Lawrence Toppman

‘Wild Tales’: Savage, yet slipshod revenge stories

In the final segment of “Wild Tales,” a new bride (Erica Rivas) contemplates the wreckage of her wedding reception.
In the final segment of “Wild Tales,” a new bride (Erica Rivas) contemplates the wreckage of her wedding reception. AP

Audacity can take you a long way in the movies. It appeals to jaded critics, fans tired of conventional stories and even award voters, which explains why “Wild Tales” earned an Academy Award nomination for best foreign film. But it doesn’t make you a great storyteller.

This anthology consists of six stories about revenge, lasting between 7 minutes and 35. They begin with tremendous impact – the first deserves a short-film Oscar by itself – and grow flabbier and more unfocused. The last one, about a bride who punishes her philandering husband during their wedding reception, ends in a way that’s neither meaningful nor credible.

As noted, Argentinian writer-director Damián Szifrón starts strong: Crew and passengers on a jet airliner discover they have one unfortunate thing in common. (No, they’re not dead.) The piece pounds toward a laugh-out-loud gag, wasting nary a frame.

The second story also has the virtue of brevity. A waitress recognizes the gangster who ruined her family, and the short-order cook at their near-empty restaurant suggests poison would make an apt appetizer. If they’re caught, says this ex-con behind the grill, prison won’t be bad: free meals, leisure time, friends always on hand, no money worries.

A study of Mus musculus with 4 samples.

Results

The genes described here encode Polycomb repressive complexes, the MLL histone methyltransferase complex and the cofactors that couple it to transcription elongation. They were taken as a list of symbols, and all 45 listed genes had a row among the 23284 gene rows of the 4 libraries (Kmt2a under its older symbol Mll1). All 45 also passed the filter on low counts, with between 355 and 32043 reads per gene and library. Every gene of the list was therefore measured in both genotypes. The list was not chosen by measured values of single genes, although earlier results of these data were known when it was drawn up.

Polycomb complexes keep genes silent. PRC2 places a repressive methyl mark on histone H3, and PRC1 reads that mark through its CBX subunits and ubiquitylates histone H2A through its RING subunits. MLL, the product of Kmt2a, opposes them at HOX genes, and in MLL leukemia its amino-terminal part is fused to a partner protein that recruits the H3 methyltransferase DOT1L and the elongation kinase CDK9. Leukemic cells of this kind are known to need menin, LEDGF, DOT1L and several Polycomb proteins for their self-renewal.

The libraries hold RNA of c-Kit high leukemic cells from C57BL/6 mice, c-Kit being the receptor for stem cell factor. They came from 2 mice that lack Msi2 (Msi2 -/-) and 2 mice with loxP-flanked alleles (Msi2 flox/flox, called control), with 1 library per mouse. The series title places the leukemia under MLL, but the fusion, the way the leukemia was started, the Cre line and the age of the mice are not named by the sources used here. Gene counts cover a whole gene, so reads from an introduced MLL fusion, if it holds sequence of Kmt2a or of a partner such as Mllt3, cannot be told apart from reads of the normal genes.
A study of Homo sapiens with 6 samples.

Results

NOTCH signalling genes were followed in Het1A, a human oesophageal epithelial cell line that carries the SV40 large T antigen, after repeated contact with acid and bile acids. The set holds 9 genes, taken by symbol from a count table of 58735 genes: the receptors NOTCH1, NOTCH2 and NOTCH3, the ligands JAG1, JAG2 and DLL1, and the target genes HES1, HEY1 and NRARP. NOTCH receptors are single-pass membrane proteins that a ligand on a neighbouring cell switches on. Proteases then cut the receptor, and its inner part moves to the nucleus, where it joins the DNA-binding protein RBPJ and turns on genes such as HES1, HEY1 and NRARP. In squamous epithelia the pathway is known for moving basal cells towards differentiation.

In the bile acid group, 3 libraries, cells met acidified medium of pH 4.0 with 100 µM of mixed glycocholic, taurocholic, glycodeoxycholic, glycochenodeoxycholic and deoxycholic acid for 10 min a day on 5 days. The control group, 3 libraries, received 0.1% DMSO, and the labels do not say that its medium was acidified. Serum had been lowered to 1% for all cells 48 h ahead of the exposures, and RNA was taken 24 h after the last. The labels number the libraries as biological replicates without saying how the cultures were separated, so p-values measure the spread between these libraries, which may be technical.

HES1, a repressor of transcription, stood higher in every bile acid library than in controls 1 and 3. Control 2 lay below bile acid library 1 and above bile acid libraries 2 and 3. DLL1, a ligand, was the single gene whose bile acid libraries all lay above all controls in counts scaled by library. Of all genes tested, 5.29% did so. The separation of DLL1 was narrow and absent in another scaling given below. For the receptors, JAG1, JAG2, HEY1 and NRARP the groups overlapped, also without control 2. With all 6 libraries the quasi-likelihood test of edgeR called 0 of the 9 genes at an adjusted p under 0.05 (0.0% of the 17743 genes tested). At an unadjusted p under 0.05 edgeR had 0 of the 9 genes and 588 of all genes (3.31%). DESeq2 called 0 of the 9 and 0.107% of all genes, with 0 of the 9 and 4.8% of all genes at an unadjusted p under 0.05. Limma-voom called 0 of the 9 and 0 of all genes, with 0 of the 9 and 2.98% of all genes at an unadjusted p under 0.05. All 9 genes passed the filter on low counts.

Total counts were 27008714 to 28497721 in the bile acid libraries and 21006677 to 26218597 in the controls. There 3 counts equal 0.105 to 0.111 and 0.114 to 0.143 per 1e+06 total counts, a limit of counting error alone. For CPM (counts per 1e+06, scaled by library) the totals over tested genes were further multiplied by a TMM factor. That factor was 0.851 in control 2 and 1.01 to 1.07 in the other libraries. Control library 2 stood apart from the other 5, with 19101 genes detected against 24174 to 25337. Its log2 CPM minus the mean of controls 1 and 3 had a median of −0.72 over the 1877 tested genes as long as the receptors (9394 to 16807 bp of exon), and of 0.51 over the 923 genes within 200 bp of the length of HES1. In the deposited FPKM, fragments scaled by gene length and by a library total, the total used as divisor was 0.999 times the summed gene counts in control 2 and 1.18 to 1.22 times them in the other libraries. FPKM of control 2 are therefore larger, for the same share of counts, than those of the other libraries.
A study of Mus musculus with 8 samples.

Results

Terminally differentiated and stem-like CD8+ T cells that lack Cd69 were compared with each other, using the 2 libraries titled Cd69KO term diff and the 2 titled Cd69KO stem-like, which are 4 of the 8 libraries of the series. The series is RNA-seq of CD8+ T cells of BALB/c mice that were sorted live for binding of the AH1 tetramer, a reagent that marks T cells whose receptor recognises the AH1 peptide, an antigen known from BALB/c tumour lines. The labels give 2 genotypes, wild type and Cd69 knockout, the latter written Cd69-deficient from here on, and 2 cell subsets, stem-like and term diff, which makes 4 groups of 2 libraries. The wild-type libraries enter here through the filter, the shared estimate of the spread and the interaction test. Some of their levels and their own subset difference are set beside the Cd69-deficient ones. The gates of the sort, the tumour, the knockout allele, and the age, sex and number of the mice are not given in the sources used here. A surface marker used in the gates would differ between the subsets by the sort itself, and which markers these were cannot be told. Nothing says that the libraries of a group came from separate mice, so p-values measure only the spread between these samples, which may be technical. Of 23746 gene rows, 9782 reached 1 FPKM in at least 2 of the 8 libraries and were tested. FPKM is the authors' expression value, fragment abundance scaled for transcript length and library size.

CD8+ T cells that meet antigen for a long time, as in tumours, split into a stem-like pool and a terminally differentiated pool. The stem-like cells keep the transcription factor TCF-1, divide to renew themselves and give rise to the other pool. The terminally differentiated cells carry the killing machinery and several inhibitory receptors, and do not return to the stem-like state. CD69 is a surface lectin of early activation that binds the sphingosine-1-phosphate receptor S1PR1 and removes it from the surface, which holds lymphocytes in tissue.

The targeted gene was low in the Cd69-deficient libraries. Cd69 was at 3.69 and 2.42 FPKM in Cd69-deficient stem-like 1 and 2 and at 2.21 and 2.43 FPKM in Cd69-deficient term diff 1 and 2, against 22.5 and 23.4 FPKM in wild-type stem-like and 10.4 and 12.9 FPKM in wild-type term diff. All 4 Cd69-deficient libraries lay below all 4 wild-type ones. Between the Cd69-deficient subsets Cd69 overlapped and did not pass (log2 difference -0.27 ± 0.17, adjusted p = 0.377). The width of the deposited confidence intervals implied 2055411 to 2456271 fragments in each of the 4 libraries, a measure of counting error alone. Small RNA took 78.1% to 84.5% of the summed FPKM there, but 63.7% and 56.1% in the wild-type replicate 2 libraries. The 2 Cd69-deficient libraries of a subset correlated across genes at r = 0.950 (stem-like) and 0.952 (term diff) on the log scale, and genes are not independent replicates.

The third seems like a throwaway, with a rich guy in a hurry and a mean redneck trading insults on a highway. It accelerates into the world’s worst case of road rage, but we don’t care what happens to either jerk. (Though its last line also induces a snort of laughter.)

Ricardo Darín, Argentina’s best-known actor internationally, gets the only character study in episode four. He plays an engineer who implodes buildings and has a temper that keeps him on the edge of exploding. When his car is towed (wrongfully, he says), the incident sets off a chain reaction of responses that make him a folk hero.

The other episode is about rich parents who try to shield their drunken son by paying a groundskeeper to take the blame for a hit-and-run killing. I suppose this could be some kind of comment on class privilege, though the impoverished groundskeeper negotiates shrewdly for his cut and doesn’t mind lying. Even this sequence turns comic, as the conspirators fall out over dough.

Does Szifrón want us to identify with any of these people or feel anything toward them? I couldn’t tell. He zips through episodes, more concerned with camera angles than credibility or emotion. Speed makes the journey exciting, but does it get us anywhere?


‘Wild Tales’

This Argentinian drama, an Oscar nominee for best foreign film, consists of six stories that are partly or entirely about people seeking vengeance.

B- STARS: Dario Grandinetti, María Marull, Mónica Villa, Ricardo Darín.

WRITER-DIRECTOR: Damián Szifrón.

RUNNING TIME: 122 minutes.

RATING: R (violence, language and brief sexuality).